As molecules go, DNA and viruses are relatively
large. Many prototype sensors are aimed at detecting large biological
molecules, but small organic molecules also play important roles in biological
systems, and most pharmaceutical drugs are small molecules.
Researchers from Harvard University have found a way to use transistors
made from silicon nanowires to gain information about how small molecules
bind to proteins. The nanowires are 20 nanometers in diameter, and the
electrical conductance of the devices changes measurably depending on
whether target molecules bind to receptor molecules attached to the nanowires.
A nanometer is one millionth of a millimeter, or the span of 10 hydrogen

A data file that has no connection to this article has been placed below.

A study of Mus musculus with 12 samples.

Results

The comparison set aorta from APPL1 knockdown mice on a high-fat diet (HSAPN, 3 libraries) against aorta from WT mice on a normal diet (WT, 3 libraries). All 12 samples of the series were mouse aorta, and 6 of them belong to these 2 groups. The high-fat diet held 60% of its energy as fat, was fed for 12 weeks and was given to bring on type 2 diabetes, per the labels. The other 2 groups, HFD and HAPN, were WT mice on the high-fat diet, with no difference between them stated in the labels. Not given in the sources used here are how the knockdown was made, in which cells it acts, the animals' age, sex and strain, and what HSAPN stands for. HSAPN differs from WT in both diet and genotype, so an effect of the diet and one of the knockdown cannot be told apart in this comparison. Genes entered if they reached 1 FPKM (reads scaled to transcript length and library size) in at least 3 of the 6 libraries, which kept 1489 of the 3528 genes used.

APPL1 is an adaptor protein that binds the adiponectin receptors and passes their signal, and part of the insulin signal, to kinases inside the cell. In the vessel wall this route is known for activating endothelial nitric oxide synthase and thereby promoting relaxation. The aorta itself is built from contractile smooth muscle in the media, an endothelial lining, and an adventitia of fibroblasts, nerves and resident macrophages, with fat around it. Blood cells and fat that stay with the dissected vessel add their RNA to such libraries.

The nanowire transistors could eventually be used in sensor arrays
capable of simultaneously detecting many different molecules, including
small organic molecules. The method is potentially capable of rapidly
screening drug candidates, according to the researchers.
The researchers' prototype consists of arrays of several dozen
sensors that sense when adenosine triphosphate (ATP) molecules bind to
the receptor molecules on the nanowires. The researchers showed that the
device could measure how effectively the small molecule drug Gleevec blocked
the ATP-receptor binding.
The receptor molecule Abl binding with ATP is part of a cell signaling
process that, when altered, plays a role in many diseases. Gleevec is
used to treat chronic myelogenous leukemia.
The researchers also showed that it is possible to measure the
degree to which four other small molecules blocked the ATP binding.
The sensors could be ready for practical use in two to five years,
according to the researchers.
The work appeared in the February 14, 2005 issue of the Proceedings
of the National Academy Of Sciences.